Son of the Hunter! Part Two
Credits: J. M. DeMatteis (writer), Mike Deodato (penciler), Al Milgrom (inker), John Kalisz (colors), Comicraft’s Kiff Scholl (letters)
The Plot: Kraven’s bullet grazes Spider-Man, but he’s shocked to discover later that Kraven has bandaged his wound. Kraven reveals that he only wants to speak to Spider-Man, his father’s greatest enemy, in order to learn more about him. Suddenly, Kraven’s home is bombed by Calypso, who’s accompanied by the senior Kraven’s lackeys. Calypso drugs Kraven and Spider-Man and takes them upstate to the Kravinoff estate. She practices a voodoo ritual that unleashes the inner rage of Kraven and Spider-Man.
The Subplots: Norman Osborn meets with Jonas Mueller, alias Professor Angst. Gibbon and the Grizzly patrol the city in the Bearmobile, until Grizzly crashes it into the river. Aunt Anna grows irritated with Peter’s sudden disappearances and tells MJ that she knows “the truth.”
Web of Continuity:
- The new Kraven, Alyosha Kravinov, lists his age as twenty-one. He says that even though his father arranged for a cultured education, his true teachers were the beasts of the jungle.
- Kraven’s last name is spelled as both Kravinoff and Kravinov this issue.
- Spider-Man wakes inside the senior Kraven’s mansion “up on 72nd.” This is presumably the same Kravinov home partially destroyed in the “Torment” storyline. The upstate Kravinov home is where Spider-Man was buried alive in “Kraven’s Last Hunt,” and where the climax of the “Pursuit” crossover took place.
*See _________ For Details: Calypso wants revenge on the younger Kraven for rejecting her in Spectacular #250.
Miscellaneous Note: The Statement of Ownership lists average sales at 128,297 copies with the most recent issue selling 102,787.
Review: So, we discover the new Kraven actually isn’t a villain, even though he’s brainwashed into attacking Spider-Man again by the end of the issue. I can’t decide if this issue’s opening is a brilliant fake-out or a cheap trick on the reader, to be honest. We’re lead to believe for a few issues that Alyosha is Kraven, then learn he’s another son, one with the same apparent motivation as his brother -- kill Spider-Man. Ending the issue with Spider-Man getting shot, only to discover next month that he’s only grazed and that Kraven did this to incapacitate Spider-Man so that he can hear stories about his father…yeah, it’s a bit cheap.
But I like the fact that the third Kraven isn’t a flagrant repetition of the characters we’ve already seen. He’s simultaneously more civilized and savage, and his interest in Spider-Man is mainly based in curiosity. He doesn’t necessarily want to be his father, but he wants to understand him better, and meet the man who drove him over the edge into insanity. All fine as far as comic book motivations go, even though the younger Kraven’s more nuanced portrayal makes Calypso seem even more ridiculous. Even if “Torment” is still an easy target for ridicule, I think McFarlane had the right idea regarding Calypso. Keep her in the background, as a mystery element, and she’s fine. Bring the voodoo priestess lady out in the open for more than a few pages and she’s just an awkward fit for a Spider-Man story.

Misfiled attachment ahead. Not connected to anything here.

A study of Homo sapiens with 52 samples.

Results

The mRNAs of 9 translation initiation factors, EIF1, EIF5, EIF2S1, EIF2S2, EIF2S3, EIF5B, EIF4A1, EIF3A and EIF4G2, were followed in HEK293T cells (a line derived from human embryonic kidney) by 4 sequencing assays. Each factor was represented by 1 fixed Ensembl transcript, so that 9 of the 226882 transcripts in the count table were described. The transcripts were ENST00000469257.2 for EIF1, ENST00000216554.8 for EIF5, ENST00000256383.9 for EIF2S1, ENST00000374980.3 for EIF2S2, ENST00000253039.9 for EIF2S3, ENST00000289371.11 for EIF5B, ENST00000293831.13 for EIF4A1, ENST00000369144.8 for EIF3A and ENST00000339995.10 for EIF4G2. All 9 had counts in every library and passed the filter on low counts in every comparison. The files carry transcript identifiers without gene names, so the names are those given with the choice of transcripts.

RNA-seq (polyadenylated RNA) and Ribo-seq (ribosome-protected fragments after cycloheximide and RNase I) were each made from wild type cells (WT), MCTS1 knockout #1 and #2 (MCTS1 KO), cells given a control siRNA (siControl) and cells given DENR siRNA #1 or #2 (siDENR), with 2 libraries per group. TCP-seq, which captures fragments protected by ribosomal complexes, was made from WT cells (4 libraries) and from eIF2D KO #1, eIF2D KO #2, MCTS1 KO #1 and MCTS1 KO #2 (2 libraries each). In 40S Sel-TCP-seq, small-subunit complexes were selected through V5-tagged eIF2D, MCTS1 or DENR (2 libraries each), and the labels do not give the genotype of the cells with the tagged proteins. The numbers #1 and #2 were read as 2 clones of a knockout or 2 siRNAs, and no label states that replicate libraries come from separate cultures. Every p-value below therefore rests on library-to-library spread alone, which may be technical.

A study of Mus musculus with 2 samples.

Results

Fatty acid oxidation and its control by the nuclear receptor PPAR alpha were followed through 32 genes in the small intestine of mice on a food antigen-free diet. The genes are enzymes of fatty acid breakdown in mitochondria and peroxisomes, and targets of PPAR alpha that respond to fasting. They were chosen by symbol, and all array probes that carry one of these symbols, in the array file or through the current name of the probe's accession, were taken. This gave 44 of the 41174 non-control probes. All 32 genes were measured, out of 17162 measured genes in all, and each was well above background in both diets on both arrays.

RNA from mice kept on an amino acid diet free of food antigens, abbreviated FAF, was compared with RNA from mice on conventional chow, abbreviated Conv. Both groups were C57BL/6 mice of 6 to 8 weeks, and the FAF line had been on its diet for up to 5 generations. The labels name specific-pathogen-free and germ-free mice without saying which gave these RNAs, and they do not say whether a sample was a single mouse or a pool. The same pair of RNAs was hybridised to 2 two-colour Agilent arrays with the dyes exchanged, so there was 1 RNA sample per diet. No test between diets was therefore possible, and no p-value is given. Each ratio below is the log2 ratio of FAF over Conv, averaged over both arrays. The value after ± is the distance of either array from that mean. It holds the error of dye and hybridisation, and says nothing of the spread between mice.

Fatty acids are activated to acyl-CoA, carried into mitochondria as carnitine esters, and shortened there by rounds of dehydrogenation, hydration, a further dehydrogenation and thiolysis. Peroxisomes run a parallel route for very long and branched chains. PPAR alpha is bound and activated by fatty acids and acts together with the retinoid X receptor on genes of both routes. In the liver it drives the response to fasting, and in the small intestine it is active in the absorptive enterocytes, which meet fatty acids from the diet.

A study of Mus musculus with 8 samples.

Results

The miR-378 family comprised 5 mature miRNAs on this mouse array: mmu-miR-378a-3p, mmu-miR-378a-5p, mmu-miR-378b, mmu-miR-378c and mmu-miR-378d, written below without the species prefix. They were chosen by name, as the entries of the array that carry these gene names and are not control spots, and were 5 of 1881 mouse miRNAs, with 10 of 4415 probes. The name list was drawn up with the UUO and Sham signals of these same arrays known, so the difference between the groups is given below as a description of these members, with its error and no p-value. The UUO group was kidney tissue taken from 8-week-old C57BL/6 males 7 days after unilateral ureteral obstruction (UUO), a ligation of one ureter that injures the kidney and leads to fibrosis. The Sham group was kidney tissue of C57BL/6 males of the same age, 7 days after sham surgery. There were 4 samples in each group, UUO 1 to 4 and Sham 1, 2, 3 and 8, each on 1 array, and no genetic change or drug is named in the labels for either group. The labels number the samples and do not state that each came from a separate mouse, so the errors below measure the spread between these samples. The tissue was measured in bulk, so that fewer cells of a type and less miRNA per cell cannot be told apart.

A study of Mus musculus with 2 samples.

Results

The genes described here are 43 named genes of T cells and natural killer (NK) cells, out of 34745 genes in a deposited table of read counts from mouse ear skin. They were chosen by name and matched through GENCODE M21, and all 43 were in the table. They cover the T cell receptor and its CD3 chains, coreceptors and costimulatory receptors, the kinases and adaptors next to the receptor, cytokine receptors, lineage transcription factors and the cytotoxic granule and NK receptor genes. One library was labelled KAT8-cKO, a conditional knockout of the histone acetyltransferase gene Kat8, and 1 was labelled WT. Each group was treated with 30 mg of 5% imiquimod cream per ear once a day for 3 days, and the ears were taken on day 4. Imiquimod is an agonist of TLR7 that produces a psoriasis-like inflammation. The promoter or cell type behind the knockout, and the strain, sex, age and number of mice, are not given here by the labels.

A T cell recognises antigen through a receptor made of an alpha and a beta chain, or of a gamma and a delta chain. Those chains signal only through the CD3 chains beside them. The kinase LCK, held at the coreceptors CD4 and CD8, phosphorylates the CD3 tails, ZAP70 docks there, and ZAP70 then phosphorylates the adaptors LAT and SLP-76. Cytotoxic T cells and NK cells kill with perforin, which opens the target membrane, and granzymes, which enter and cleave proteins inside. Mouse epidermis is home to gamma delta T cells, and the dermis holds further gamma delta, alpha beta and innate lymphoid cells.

Although Luke Ross has evolved greatly over the months on this title, I wasn’t disappointed to see a Mike Deodato fill-in. Deodato’s art has shown a Gene Colan influence in recent years, but it’s actually evident as far back as this issue. I know Deodato (or more specifically “Mike Deodato Studios”) is associated with some of the most stereotypical ‘90s art this side of Extreme Studios, but he’s found a great mix between classic Marvel and the early Image look this issue. He doesn’t draw Spider-Man any more consistently than Luke Ross does in a typical issue, but there are a few panels where he goes for a flagrant McFarlane style and it actually works quite well. (His standard Spidey drawings aren’t so bad either, even if I think he overplays the white in Spidey’s eyes.) Deodato walks the line between traditional superhero anatomy and a cartoonier style in a surprising way, and his heavily detailed drawings add a lot to the mood. The new Kraven really does look intimidating, and Deodato’s rendition of his pet elephant is great. Unfortunately, Deodato’s female characters are still strictly generic; there’s virtually nothing to distinguish his Calypso from, say, his Scarlet Witch. That’s a shame, because every other aspect of the issue is on par with the best art being done in the other titles.